Not all business owners start their ventures from the ground up. You could buy an existing company, secure franchise rights, license or purchase critical technology or methods, inherit a company, or be hired as a manager. However, there are pros and cons to each approach, and it will be worthwhile to give thought to each option.
Securing Franchise Rights
A franchise is a legal and commercial relationship between the owner of a trademark, service mark, trade name or advertising symbol and an individual or group seeking to use that identification in a business. For many people who want to own and operate a business, it is worthwhile to consider franchising as a path to business ownership.
Buying an Existing Business
The purchase of a business, or acquisition, can be a good way to jumpstart entry into small business ownership. There is both an art and a science to buying an existing business. The challenge is to do a complete, in-depth analysis of the opportunity, just as you would for a start-up, with the added dimension of taking into account an existing history, whether for better or worse.
Be wary of owners whose businesses seem to be too good to be true or who are overly eager to sell. Be thorough, whether you are buying an entire firm, a customer list, or some or all assets and especially if you are taking on some or all debt. Done well, buying a business can be the starting point for success. On the other hand, if done poorly, buying a business can be more challenging and problematic than starting a new venture.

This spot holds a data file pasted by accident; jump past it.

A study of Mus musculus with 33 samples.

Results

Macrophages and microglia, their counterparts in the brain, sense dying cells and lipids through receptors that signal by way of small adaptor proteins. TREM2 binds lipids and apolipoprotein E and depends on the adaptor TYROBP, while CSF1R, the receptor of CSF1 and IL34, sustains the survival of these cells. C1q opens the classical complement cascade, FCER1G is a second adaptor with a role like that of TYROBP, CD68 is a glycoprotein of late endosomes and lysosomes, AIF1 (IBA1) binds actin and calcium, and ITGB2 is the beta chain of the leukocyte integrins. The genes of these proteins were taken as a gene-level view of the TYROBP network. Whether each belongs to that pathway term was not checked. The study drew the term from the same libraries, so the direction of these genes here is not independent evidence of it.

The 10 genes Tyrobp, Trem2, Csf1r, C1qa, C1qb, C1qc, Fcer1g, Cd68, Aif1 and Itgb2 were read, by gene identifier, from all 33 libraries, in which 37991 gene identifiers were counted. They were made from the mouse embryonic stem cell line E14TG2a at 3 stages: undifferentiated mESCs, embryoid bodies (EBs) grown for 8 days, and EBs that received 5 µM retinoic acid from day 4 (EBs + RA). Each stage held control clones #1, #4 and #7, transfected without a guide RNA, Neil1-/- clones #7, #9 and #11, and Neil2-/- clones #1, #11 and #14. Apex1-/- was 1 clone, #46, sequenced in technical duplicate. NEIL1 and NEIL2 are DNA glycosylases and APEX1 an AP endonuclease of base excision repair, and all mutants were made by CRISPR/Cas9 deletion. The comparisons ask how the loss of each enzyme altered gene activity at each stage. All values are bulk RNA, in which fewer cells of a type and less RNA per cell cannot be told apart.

One way to potentially shorten the product-development cycle and to access innovative technology is to identify and license that technology—that is, to enter into a contract to use it without purchasing the rights to own it. Whether you acquire such rights through a university, state economic development office, federal agency such as NASA, or an individual scientist/inventor, you can create a business based on technology transfer. Or, you may find that it makes more sense to purchase the rights outright, or over time.
The MBA team of Bruce Black and Matt Ferris, from the University of Georgia, developed a business plan that garnered numerous competitive awards for the KidSmart Vocal Smoke Detector, someone else’s creation that they arranged to bring to market. The product is now available in major retail stores and on the Internet, through Signal One, the successor company. Before securing franchise rights, purchasing a business, or licensing technology, be certain to do your research thoroughly to understand what you are and are not buying, and what your ongoing obligations—financial, operational, legal, and reporting—will be. Because these transactions are complex and can have significant financial and personal implications, it is important to invest in qualified legal and financial counsel before signing any agreements of this kind.